It’s only March and I’m already running out of spoons

With PH, it's important to limit nonessential activities that zap our energy



You should know that I have plenty of cutlery — enough to serve a dinner party of six or more. When I say I’m low on spoons, I’m referring to the number of activities I have the energy to do on a given day as a chronically ill person. This is known as the spoon theory.

Two months and some change into this year and I have the looming sense that exhaustion is creeping in like a thick fog. Maybe I’m still shaking off fatigue from a respiratory bug and a bout with COVID-19 late last year, combined with the busy life of managing pulmonary hypertension (PH).


A lot is also going on beyond my immediate personal concerns that steals energy. It’s been four years since our lives were upended by the COVID-19 pandemic, international conflicts can make our world feel like a powder keg, and for those of us in the U.S., a consequential election is happening in November. It’s way too soon on the calendar for my spoon drawer to be empty.

I wrote about the spoon theory back in late 2017, about a year and a half after my PH diagnosis. PH affects the heart and lungs and can cause shortness of breath, fatigue, chest pains, and other symptoms that limit energy levels and make it difficult to complete regular tasks.

Before my diagnosis, I took pride in the number of things I could accomplish in a day. At that time, the number of spoons I had seemed limitless. I wasn’t emotionally or physically prepared for how much PH symptom flares would deplete my energy.

The modern-day rat race is marked by long days, longer to-do lists, and endless Slack notifications. People stretch the hours out to milliseconds to meet their professional and personal obligations. Wellness and psychology professionals talk about the harm of toxic productivity and how the need to always be doing something can lead to burnout. It’s challenging to keep up, and even harder to give yourself the grace to slow down and realize that you don’t need to run that particular race. As somebody who still works full time and must be mindful of how PH can negatively affect my health, it’s easy to forget that spoons are a precious commodity.

Beyond daily symptoms, managing a chronic illness like PH comes with its litany of demands. There are various appointments with specialists to schedule, multiple prescriptions to take and refill, and medical bills to pay or try to negotiate down. Completing these tasks can require an excessive amount of time talking on the phone or spent in front of a computer. There go another few spoons.

Being more selective with my spoons

I try not to associate running out of spoons with feelings of failure or defeat. With fewer spoons at my disposal, sometimes a card to a relative goes unsent, a return phone call to a friend is delayed, dinner is takeout rather than cooked at home, or a column goes unfinished. I want to show up for the people in my life — my partner, family, friends, fellow advocates, and co-workers — and I want to have the energy to do as much as possible. However, when what you want to do requires 10,000 spoons but you only have a dozen or so, the road to accepting that reality is long, not short.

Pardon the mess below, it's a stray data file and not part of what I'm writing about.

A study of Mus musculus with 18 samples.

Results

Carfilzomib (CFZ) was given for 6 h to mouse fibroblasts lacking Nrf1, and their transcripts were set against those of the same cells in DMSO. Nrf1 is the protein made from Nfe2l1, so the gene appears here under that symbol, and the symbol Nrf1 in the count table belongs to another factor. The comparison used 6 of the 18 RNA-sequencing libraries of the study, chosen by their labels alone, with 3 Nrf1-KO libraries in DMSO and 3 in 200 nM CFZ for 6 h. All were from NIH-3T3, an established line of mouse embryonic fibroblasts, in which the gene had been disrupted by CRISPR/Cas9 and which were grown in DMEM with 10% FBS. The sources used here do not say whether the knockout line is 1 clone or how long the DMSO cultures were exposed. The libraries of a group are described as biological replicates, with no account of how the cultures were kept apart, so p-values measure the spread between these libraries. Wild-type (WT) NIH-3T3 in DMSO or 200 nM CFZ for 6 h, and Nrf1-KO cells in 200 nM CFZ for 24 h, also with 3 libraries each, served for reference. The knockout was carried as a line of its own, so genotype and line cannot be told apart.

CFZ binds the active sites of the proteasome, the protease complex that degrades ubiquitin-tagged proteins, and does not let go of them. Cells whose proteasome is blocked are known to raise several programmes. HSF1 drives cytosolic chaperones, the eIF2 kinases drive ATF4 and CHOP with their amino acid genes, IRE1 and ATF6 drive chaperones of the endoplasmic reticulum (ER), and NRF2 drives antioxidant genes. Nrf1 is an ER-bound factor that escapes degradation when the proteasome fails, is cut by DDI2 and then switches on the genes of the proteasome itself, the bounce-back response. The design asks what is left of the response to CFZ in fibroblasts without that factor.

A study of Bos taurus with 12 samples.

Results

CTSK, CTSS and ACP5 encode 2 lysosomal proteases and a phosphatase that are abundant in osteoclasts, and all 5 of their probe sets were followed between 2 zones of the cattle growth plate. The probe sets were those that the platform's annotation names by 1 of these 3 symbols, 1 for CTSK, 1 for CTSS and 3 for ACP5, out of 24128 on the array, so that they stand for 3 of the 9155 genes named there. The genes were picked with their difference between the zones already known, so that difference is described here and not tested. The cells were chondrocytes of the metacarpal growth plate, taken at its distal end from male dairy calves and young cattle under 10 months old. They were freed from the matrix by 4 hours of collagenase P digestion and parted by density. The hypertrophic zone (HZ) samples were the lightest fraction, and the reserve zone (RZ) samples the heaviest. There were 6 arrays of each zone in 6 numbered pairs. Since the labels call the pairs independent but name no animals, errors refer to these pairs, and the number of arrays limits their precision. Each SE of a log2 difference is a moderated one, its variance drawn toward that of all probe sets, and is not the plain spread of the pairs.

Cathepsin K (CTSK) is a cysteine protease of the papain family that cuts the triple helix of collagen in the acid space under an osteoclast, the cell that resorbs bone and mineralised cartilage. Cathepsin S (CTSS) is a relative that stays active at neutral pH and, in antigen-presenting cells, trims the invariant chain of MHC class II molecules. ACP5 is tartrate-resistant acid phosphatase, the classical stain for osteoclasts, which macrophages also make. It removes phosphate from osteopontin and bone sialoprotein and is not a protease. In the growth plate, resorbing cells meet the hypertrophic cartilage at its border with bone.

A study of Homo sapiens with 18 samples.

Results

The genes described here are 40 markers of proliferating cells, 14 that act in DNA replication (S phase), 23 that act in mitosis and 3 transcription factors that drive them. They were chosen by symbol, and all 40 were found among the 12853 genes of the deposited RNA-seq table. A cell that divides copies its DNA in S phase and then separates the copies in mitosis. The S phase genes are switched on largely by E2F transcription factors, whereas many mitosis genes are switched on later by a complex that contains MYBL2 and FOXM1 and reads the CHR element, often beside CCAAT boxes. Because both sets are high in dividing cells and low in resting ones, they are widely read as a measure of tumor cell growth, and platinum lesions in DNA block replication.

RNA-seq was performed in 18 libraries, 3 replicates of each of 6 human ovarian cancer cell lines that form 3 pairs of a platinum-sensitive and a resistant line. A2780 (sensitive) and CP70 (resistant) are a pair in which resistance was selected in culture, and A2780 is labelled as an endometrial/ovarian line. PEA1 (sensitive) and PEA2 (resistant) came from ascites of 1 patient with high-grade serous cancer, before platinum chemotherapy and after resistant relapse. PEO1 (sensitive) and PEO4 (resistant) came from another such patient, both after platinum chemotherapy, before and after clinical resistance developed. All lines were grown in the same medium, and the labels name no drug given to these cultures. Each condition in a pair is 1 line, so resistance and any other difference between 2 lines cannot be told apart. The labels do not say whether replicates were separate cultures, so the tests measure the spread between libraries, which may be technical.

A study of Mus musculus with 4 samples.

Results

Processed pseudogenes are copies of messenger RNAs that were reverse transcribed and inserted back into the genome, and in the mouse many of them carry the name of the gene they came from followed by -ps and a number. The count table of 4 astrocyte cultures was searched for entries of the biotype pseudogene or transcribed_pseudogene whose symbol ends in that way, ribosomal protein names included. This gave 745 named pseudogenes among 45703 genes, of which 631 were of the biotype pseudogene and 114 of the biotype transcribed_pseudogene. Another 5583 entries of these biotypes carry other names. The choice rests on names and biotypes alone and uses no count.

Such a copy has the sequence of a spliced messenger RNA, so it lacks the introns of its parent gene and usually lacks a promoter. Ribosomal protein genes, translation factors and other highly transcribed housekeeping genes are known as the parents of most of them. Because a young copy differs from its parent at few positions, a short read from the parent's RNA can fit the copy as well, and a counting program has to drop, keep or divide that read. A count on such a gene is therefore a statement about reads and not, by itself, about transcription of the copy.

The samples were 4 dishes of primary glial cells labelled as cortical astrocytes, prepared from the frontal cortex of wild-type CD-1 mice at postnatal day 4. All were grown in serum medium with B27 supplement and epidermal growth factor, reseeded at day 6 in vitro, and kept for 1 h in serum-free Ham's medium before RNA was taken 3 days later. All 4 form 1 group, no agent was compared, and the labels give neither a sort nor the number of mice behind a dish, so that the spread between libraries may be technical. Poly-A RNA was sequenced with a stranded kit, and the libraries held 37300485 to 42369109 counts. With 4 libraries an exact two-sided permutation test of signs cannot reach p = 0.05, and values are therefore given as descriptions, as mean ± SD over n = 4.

I am hopeful that by adopting greater acceptance, I will be able to establish some boundaries to help conserve spoons. In practice, that could look like joining an event virtually via Zoom rather than appearing in person, limiting personal interactions that can zap energy, and protecting quiet time. It also means choosing spoons intentionally for restorative activities like walking on a treadmill, spending time with my partner, or reading a good book.

Coincidentally, the other day I had to eat yogurt with a fork because I couldn’t find a spoon. Here’s hoping that’s not an omen for rationing my spoons for the remainder of the year.

Follow me on X: @mnaple.

Note: Pulmonary Hypertension News is strictly a news and information website about the disease. It does not provide medical advice, diagnosis, or treatment. This content is not intended to be a substitute for professional medical advice, diagnosis, or treatment. Always seek the advice of your physician or other qualified health provider with any questions you may have regarding a medical condition. Never disregard professional medical advice or delay in seeking it because of something you have read on this website. The opinions expressed in this column are not those of Pulmonary Hypertension News or its parent company, BioNews, and are intended to spark discussion about issues pertaining to pulmonary hypertension.